Hosting vs Development Services

One of the struggles we have within our company is drawing the line between our hosting services and our web site development services. This most often comes up when we come across sites we built 5-6 years ago and suddenly the technology behind them no longer works. For example, we built sites using our own custom systems. Granted they were based in open source technology like PHP and MySQL and they worked back then. But both PHP and MySQL have advanced. And server systems have advanced. But the original scripts have not kept up with those advances.

So, when a customer calls and says “My site is broken”, we have to make a decision. Do we fix the current site to comply with server systems, or do we draw the line and say we can no longer support those scripts (that we built) and the client will have to upgrade? It’s not a clear cut decision, but it’s one that eventually has to lean toward the latter. Most often, though, we band aid sites to keep them lumbering along until the organization can find the resources to bring their enterprise into the 21st century. Given that we started our hosting service because of all the bad practices we ran in to with large commercial hosts, I tend to bend over backwards to accommodate our clients.

I like to keep our hosting services available because we do a good job customizing our servers to make things run fast and smooth for the majority of our clients. And many of our development clients appreciate dealing with a single vendor for both hosting and site development. But sometimes I wonder if the hosting side is more of a drain on our small company and we should take advantage of all the great cloud services out there and let them deal with the hardware and underlying hosting software while we focus on delivering great web sites.


  1. Sys RQ
    6/3/2010 at 2:48 pm

    One aspect to keep in mind with cloud hosting is how much control you have over the “box.”

    Some cloud hosts offer root access where you can essentially run it as if it was your own server. Some require you to use an API to run your virtual services. In a good setup, you can put as many clients on as you want and load whatever tools you need. For PHP, this comes in very handy as you can edit php.ini files individually for each client as you would on your own server. This also aids in making efficient backups where you can load software to do incremental backups and run cron jobs to backup mysql databases regularly. (And upload to another cloud service)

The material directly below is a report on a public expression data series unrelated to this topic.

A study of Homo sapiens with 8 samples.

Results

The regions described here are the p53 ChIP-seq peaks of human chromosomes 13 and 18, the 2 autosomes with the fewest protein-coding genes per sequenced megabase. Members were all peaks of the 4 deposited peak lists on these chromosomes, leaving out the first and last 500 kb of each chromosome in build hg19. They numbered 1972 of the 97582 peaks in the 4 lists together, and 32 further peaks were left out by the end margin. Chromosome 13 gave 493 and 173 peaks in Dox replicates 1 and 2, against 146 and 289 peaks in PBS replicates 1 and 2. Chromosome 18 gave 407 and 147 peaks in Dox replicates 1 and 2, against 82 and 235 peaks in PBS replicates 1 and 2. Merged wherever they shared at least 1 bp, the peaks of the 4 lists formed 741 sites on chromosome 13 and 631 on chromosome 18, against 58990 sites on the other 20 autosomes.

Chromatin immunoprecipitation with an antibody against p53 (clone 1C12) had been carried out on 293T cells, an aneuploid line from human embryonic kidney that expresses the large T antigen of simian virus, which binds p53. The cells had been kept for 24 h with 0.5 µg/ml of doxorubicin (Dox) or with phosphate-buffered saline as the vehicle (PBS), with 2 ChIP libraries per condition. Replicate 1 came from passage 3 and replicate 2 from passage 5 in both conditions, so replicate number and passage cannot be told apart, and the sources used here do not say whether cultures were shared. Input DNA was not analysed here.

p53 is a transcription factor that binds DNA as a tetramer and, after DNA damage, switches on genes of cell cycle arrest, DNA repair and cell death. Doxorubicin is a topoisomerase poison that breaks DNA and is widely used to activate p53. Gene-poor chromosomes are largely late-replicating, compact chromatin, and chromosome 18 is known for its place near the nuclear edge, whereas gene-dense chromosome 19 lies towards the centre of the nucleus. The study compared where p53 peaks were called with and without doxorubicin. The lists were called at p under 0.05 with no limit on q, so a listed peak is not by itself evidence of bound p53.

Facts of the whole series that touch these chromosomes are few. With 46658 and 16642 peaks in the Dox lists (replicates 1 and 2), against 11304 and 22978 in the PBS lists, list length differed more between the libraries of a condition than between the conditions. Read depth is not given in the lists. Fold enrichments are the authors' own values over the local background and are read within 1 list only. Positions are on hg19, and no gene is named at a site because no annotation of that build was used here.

Like on-site email servers, on-site web servers are quickly becoming relics. It used to be that so-called “shared” hosting was crippled and expensive, but now the pendulum is swinging the other way.

    I don’t have a favorite service. I use a combination of Amazon AWS/RDS, Mosso, Joyent, and GoGrid. All are fine for web data and are relatively simple to migrate between. My paranoia is also helped by backing up data to several services at once. I haven’t used Azure for storage because I feel uneasy supporting Microsoft given their track record… and because they chose to use poker slang (“All In”) as their cloud computing motto. I don’t think making a gambling analogy was the best P.R. choice for promoting a service where savvy customers already have difficulty trusting Microsoft servers to protect their data. They might as well have said Microsoft Cloud Services: double down with us, we’ll cover the spread with your critical business data.

  2. Sys RQ
    6/3/2010 at 2:49 pm

    I really love your new blog template as well. It looks very professional.

  3. Sys RQ
    6/3/2010 at 2:52 pm

    I forgot to mention, prior to going cloud I used HostGator which did offer everything I talked about except for RAM/CPU scaling. HostGator also cost more per month than multiple cloud subscriptions, making the choice easier.